Making Presentations That Make a Difference
Bill Reedy of Seville, Ohio makes long presentations on insurance content for online learners and in-person conferences. “I’m speaking for eight hours,” says Bill, “and I’m feeding them with a firehose of information.”
minutes of each hour is mandated and pre-scripted by the state’s
departments of insurance. There is a test at the end and an
accreditation on the line.
For years, Bill began his presentations in the way most of us do: with an outline. Now, thanks to Catherine Mattiske and her “Unlock Inner Genius” book and e-suite, Bill begins his presentations in an entirely different way: by hooking his audience based on their learning preferences. “One of the things I’ve built into my introductory comments is some language that would appeal to the different learning styles that Catherine has identified,” says Bill.
Falling in Love With — and Mapping Out — How People Learn
Mattiske is a globally-recognized training expert and the founder of
TPC — The Performance Company. Long ago, Catherine fell in love with how
people learn, and sought to create a system by which presenters could
unlock their audience’s attention. Today, Catherine’s “Unlock Inner
Genius” book and e-suite are the culmination of 30 years of training
experience, and together they serve as a powerful tool for trainers,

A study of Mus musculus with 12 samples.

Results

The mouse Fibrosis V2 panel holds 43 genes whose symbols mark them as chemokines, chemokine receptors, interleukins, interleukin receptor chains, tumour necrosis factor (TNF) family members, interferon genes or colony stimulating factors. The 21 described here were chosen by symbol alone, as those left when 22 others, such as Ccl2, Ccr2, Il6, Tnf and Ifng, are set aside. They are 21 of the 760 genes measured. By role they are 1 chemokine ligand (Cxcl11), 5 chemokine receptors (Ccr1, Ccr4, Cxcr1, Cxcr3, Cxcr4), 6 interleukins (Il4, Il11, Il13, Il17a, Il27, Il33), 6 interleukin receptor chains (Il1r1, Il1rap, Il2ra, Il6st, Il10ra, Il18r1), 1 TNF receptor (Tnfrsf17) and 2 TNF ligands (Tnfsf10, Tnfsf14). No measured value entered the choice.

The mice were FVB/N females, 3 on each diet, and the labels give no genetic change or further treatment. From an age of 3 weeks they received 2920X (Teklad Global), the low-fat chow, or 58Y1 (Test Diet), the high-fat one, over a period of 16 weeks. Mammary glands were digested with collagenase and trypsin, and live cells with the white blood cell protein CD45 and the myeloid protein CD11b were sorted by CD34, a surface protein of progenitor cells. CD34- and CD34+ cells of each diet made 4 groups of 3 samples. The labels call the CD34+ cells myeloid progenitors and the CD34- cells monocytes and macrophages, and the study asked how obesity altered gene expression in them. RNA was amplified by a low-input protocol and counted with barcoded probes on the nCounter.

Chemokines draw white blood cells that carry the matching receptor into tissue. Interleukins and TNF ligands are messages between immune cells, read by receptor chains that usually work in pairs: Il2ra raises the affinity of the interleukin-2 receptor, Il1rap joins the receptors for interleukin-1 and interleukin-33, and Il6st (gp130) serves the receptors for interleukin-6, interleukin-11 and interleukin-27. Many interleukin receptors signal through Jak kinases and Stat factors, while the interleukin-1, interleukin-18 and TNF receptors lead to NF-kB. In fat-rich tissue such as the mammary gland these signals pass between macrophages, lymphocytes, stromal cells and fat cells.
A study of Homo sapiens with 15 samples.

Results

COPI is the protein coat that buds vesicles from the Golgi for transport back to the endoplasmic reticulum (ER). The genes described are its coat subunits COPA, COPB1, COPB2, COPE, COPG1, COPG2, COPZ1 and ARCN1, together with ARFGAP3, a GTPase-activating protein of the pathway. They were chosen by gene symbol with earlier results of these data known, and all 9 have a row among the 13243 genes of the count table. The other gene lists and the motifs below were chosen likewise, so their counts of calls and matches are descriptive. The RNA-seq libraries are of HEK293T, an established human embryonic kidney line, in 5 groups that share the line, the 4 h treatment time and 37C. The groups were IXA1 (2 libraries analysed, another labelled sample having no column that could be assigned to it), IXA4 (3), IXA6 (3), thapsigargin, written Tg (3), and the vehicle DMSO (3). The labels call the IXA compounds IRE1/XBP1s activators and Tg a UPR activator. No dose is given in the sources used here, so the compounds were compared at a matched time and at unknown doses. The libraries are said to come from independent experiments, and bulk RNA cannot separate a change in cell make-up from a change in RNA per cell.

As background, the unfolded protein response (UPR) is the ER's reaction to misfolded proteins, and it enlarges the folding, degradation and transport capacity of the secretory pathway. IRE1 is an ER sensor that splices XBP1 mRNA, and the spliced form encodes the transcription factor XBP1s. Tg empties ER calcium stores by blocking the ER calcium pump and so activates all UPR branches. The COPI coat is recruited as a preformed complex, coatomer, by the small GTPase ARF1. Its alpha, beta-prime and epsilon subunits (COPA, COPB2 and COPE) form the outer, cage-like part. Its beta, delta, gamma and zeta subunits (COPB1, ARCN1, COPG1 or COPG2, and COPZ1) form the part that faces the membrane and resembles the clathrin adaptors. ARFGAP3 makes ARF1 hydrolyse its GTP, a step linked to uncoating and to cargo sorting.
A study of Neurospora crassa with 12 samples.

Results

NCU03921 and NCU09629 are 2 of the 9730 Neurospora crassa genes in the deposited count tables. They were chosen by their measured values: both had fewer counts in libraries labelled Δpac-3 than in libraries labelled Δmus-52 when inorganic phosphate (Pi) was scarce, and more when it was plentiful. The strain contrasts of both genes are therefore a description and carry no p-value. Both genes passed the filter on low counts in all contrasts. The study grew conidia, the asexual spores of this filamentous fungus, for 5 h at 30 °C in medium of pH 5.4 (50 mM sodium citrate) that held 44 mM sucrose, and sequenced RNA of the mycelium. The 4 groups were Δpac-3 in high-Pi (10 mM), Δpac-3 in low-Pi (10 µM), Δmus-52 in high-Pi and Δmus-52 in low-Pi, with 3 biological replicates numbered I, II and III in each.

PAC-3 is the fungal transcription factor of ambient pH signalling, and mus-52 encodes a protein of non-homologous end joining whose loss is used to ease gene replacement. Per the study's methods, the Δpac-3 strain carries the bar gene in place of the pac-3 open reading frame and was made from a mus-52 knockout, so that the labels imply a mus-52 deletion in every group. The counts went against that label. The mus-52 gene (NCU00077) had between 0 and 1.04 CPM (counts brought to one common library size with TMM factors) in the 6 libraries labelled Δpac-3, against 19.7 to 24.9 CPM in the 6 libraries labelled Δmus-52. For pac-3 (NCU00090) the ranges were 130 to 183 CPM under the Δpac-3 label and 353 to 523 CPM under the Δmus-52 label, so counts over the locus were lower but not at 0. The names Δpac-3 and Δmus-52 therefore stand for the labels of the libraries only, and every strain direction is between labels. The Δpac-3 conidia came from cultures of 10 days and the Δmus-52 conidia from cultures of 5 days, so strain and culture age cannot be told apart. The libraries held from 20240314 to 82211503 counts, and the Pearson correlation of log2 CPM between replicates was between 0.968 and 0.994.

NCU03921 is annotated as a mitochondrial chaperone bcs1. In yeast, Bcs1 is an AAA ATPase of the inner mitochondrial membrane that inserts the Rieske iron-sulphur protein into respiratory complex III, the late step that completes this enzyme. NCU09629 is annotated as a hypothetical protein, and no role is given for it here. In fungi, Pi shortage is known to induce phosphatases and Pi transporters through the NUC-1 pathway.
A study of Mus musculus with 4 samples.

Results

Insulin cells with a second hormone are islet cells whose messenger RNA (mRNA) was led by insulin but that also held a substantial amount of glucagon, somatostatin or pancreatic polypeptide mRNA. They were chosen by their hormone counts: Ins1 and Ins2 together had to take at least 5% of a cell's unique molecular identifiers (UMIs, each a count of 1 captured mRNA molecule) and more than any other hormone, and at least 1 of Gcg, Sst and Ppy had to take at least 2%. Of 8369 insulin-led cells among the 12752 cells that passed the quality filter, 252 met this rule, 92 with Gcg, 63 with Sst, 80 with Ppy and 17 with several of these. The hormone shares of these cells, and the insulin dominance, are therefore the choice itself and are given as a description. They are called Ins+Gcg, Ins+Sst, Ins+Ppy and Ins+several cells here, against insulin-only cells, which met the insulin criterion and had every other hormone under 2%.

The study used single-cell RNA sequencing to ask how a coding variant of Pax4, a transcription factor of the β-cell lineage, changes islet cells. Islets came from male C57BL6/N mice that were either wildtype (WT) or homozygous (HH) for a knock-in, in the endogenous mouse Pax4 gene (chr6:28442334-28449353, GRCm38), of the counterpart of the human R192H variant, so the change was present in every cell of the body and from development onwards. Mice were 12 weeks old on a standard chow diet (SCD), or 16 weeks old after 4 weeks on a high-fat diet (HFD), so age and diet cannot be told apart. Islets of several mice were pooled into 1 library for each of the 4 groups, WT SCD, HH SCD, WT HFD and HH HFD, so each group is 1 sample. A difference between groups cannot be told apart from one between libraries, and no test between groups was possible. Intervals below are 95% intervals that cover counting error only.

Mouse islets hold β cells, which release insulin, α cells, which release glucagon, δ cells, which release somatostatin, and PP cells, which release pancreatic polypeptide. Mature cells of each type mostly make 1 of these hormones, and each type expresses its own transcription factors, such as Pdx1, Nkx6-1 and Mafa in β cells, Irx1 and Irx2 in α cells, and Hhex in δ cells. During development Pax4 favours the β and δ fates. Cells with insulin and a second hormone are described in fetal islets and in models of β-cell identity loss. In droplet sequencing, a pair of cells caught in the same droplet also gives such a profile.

presenters, coaches, and team leaders to tap into their audience’s
In “Unlock Inner Genius,” Catherine introduces 12 Archetypes that neatly map out 12 types of learning profiles. Catherine then provides tips on how to identify and tap into each Archetype in order to maximize that person’s learning, listening, and attention. For example, “The Narrator” Archetype prefers to learn auditorily and seeks to connect to the big picture in order to process and synthesize the information they receive. Therefore one might auditorily engage this profile with the reasons they are learning, instead of featuring visual media (flow charts, diagrams, etc.) primarily focusing on facts, figures, and data, which “The Narrator” might not be particularly interested in.
Balancing Our Communication
One of the key ingredients that make up each Archetype is one of four “Processing Power” profiles, which is how that Archetype processes the information they take in: Do they want to Connect to the big picture? Do they want data and Detail? Do they want hands-on practice in order to Construct solutions? Or do they want to experiment, brainstorm, and Invent possibilities? The more you steer content towards all four Processing Power profiles, the more balanced your communication is, and the more audience members you’ll hook.
This is exactly what Bill Reedy has done with the introductions of his presentations.“I have to deliver the content that is scripted, but I can also hook people and make them interested by telling them up front, ‘Hey, there’s something for everybody in this class. Here’s the detail. Here’s what you can do with it. Here’s the context. Here’s the big picture.’ You know, the whole gamut.“
"In my role as an insurance instructor, a lot of times I’m either delivering insurance content over the internet via webinar, or I’m up live in front of either small groups or a lot of people… where I can’t send profiles out and diagnose what people’s learning style is. So part of Catherine’s program is balanced communication — when you don’t know what your audience’s learning preference is — which is brilliant because you don’t know who they are, you don’t know where they’re coming from, you don’t know their preference. So why not have a balanced introduction to your program, which will in effect, hook people and get them interested in what you have to say?”